We're starting a new blog series, highlighting our "master craftsmen." These are people who have truly excelled in a craft or skill, and who are bettering the experience for visitors to Corning & the Southern Finger Lakes. Each month, we'll take a look at one of these craftsmen, from artists to chefs, and even outdoor guides. These are the folks who have trained and excelled in a particular area, and are passionate about what they do. They want to share their expertise with you.
If there's one thing that differentiates Corning from the rest of the Finger Lakes, it's our glass. It's what the Crystal City is known for, but it's safe to say it would never have been possible without the skill, expertise, and dedication it took for some very talented craftsmen to master the art of glassmaking. Corning has been home to all kinds of glass experts, from scientists to artists. Today, we'll take a look at one artist in particular, and learn what made him fall in love with glass and why he wants to share his passion with the world.
G Brian Juk is a gaffer (glassworker) at The Corning Museum of Glass. He entertains and educates thousands of people every year through his demonstrations during Hot Glass Shows. He has even taken his skills to sea aboard select Celebrity ships that hold Hot Glass Show stages.
But G Brian wasn't always interested in glass. His love of art began with making jewelry and pottery, and he found he had a deep connection with utilitarian work. "Using something handmade in daily rituals is a strong motif in my work today," G Brian said. "I love the notion of having a conversation with someone who is drinking from a tumbler or using a vase, a non-spoken relationship between people."
G Brian was first introduced to glass in high school. He attended a show by glass artist William Morris at the Habitat Gallery near his hometown, Detroit, Michigan. "His work was not functional, the exact opposite of everything that I had been doing up to that point," G Brian said. "His work has a narrative, but is up to the viewer to discern." G Brian was very intrigued.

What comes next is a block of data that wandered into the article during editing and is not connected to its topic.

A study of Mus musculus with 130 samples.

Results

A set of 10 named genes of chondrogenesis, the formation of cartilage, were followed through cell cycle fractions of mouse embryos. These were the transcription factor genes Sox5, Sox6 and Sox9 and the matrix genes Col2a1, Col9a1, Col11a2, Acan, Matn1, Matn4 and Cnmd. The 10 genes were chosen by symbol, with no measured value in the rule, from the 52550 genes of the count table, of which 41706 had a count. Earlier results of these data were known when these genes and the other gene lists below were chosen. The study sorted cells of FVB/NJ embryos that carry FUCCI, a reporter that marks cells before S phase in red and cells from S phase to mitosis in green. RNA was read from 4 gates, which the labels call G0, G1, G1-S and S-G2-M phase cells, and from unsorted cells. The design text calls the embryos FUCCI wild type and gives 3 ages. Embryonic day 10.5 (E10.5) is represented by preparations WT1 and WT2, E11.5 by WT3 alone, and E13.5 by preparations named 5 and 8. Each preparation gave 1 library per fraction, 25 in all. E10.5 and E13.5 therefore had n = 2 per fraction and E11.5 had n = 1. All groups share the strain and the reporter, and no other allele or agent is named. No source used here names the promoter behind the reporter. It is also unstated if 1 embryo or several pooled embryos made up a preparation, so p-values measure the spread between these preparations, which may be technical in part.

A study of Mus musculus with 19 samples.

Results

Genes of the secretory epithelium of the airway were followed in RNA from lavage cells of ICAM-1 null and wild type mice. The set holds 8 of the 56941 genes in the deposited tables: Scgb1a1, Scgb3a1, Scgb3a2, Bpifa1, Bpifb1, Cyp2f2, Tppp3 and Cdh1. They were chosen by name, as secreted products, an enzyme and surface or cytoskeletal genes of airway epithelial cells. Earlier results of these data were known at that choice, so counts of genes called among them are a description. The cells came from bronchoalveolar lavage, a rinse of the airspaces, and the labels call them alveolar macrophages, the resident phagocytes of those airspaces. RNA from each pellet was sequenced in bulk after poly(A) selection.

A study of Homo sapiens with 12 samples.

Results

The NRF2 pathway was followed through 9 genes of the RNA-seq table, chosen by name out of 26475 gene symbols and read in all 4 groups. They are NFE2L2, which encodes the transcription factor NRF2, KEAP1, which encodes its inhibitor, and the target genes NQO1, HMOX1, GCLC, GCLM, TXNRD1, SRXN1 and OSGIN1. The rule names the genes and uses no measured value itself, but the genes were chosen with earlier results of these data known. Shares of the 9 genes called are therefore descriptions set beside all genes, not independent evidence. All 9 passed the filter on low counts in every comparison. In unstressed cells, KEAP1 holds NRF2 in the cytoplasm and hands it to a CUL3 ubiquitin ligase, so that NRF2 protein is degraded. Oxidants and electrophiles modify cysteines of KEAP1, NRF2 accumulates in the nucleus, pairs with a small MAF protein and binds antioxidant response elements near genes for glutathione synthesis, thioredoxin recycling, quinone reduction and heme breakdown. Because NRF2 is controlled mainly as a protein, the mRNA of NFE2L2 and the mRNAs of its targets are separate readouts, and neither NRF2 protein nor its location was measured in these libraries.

"I tried it myself at a studio called Michigan Hot Glass," he continued. "I knew right away that this was for me."
G Brian chose to attend Alfred University in Upstate NY where he became immersed in the art of glassmaking. He earned a BFA and K-12 art teaching certification during his time at Alfred.
Although G Brian has been working with glass for 14 years now, he is still learning how to master his chosen craft. "It's funny," he said, "after six years I thought I had figured it out and was getting the hang of it. Then, after ten years I realized it will take a lifetime to perfect."
G Brian's lifetime of experimentation with glass continues to dazzle thousands of visitors to The Corning Museum of Glass. "I hope that others will take away a new appreciation for what it takes to create something from glass," he said. "It is amazing to think that you can design a piece in your mind and then create it with your hands. One moment a molten blob of hot glass, and the next, it is your imagination realized.
"I am excited to create glass before a live audience and to share with them my vision of the material," he continued. "This embodies the museum's mission statement from an artistic level. I am proud to carry on a rich tradition of glass making that has been going on in Corning, NY, for over 150 years."
For more information about G Brian Juk and his fellow gaffers, visit www.CMOG.org, and catch them in action during a Hot Glass Show at The Corning Museum of Glass!
All images courtesy of The Corning Museum of Glass.
Make sure to request a Finger Lakes Travel Guide, highlighting many master craftsmen throughout Corning & the Southern Finger Lakes.